Just because there is “no known asbestos”, this does not mean there is “no asbestos”.
Billy McEwan, Scottish Hazards campaigner and GMB health and safety rep at West Dunbartonshire Council .
Asbestos is a material that occurs in large amounts in almost every continent on Earth. Traces of asbestos fibres have been found in debris dating back to the Stone Age. There is archaeological evidence that it was used to embalm Pharaohs, make Bronze age pottery fire resistant and make funeral shrouds for the Ancient Greeks.
Asbestos can be found in any common type of construction, including in floor coverings, ceiling tiles, roofing felt, glazing putty, internal walls and fire door linings. Any building constructed before 2000 has the potential to contain asbestos.
Scottish Hazards Centre has been closely involved with the many local organisations that have been formed to support people and their families who have been affected by asbestos.
There are 4 main diseases associated with asbestos exposure. Mesothelioma (a disease which affects the lining of the lungs), asbestos related lung cancer, asbestosis (scarring of the lung tissue) and non malignant pleural disease (thickening of lung tissue and pleural plaques).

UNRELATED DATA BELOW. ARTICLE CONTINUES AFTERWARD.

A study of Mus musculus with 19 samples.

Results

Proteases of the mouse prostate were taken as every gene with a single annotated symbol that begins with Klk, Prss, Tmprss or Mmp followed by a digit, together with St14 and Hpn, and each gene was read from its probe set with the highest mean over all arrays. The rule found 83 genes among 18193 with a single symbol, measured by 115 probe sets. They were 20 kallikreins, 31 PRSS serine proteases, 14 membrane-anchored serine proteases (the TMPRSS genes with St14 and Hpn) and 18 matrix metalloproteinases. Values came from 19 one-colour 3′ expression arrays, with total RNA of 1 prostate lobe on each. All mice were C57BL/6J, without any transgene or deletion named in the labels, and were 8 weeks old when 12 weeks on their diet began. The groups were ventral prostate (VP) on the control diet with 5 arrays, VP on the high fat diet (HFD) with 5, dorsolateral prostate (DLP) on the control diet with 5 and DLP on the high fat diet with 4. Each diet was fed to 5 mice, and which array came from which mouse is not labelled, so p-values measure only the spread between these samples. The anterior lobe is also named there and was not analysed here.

Direct contact with even a few fibres of asbestos can affect health. There are even documented cases involving people who were exposed through clothing of family members.
For low levels of exposure to asbestos, the disease of most concern is mesothelioma. There is generally a long period between exposure and diagnosis – generally about 40 years – but once diagnosed, life expectancy is around 8 months.
A number of legal firms are building expertise in the possibility of legal redress for victims of asbestos-induced disease. Thompsons Solicitors has been involved in campaigning to strengthen the law in this area. Difficulties can arise in making compensation claims due to the long latency periods which mean that claims can be complex. Identifying where and to what extent the exposure occurred can be difficult to pinpoint. However, Thompsons are building an extensive database of places asbestos was used, witnesses, and so on, which can prove invaluable and which continues to grow.
Scottish Hazards Centre is clear that there is NO safe limit on exposure to asbestos.